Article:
I was at the “Roads to Innovation” conference at the Stanford business school this weekend. Eric Schmidt, Chairman and CEO of Google Inc. was the keynote speaker. Of course, he got asked about YouTube acquisition and whether this acquisition is an indication of the return of the bubble. His answer was that Google has figured out how to monetize the web traffic, which makes the YouTube acquisition more based on tangible value. So no bubble!
What I was mostly interested in was his observations about the mobile world. Mr. Schmidt pointed out that there are more than 2 Billion mobile phones in the world and the numbers are growing much faster than those of personal computers are.
Even though there was no specific mention of smartphones, the lines between smartphones and regular cell phones is becoming increasingly thin. The latest generation of smartphone, that I used in the 81-day-experiment such as the BlackBerry Pearl and the Cingular 3125, can be easily mistaken for just another slick cell phone. So it is likely that the smartphones growth is, or will be, paralleling the overall mobile phones growth trend.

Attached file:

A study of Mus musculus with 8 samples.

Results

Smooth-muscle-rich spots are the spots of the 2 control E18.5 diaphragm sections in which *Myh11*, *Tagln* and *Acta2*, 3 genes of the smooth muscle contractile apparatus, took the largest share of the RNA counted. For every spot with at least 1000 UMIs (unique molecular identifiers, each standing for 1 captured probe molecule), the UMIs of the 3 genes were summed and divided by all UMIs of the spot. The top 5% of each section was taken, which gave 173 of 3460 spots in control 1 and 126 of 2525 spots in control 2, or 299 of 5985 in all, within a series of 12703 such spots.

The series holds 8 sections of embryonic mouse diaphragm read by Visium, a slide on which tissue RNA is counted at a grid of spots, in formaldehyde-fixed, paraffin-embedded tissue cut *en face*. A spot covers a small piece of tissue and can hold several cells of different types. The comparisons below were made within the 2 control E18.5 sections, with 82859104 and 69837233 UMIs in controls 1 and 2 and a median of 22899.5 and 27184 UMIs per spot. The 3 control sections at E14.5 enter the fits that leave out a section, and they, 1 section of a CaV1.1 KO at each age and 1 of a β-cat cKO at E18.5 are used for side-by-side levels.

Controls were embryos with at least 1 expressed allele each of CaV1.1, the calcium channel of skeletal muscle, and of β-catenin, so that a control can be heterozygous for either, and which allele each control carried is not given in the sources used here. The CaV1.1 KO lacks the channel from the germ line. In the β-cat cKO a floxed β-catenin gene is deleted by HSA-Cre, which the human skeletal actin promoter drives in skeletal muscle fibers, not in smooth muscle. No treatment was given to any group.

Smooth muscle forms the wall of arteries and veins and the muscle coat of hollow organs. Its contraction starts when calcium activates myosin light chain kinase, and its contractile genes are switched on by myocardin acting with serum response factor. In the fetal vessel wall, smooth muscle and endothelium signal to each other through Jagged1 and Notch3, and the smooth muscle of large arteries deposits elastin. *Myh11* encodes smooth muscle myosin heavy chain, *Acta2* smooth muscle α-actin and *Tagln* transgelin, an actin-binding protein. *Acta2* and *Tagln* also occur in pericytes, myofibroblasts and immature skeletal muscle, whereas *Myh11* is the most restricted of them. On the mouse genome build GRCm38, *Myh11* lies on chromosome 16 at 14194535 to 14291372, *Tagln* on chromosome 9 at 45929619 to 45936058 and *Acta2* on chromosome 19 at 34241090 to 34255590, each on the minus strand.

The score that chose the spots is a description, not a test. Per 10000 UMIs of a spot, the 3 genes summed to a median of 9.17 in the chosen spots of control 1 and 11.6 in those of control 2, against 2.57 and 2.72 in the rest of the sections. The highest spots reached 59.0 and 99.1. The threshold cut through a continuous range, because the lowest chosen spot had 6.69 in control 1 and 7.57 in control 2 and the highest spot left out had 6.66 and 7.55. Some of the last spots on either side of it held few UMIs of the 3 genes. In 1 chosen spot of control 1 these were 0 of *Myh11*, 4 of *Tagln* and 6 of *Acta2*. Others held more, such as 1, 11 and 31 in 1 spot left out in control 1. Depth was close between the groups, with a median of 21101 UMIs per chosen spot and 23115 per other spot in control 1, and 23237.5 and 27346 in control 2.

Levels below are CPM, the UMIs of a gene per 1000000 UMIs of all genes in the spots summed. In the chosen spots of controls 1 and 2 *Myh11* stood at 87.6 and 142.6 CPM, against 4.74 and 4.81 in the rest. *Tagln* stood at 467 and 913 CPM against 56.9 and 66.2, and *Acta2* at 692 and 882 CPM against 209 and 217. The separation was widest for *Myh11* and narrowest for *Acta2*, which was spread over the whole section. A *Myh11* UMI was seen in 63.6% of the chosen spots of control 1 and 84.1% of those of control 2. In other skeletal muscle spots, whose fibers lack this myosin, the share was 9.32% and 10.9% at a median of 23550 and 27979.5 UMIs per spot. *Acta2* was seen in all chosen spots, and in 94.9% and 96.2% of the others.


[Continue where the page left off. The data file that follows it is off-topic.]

Another interesting observation was about the “convergence” of devices. There has always been talk about having one device that does it all—takes care of all your information/communication needs. This talk has been going on forever (in Internet times). Mr. Schmidt did not see this convergence happening. What he indicated is that it is the network and the server that will be providing the “convergence-like” behavior. The network and server (i.e. the Internet and the data centers that are virtual to the users) are enabling multiple devices and applications to sync to the same data stores and therefore providing the user with the freedom and flexibility of accessing their data anywhere/anytime. The user can then use the variety of device and best of breed solution for their mobile needs.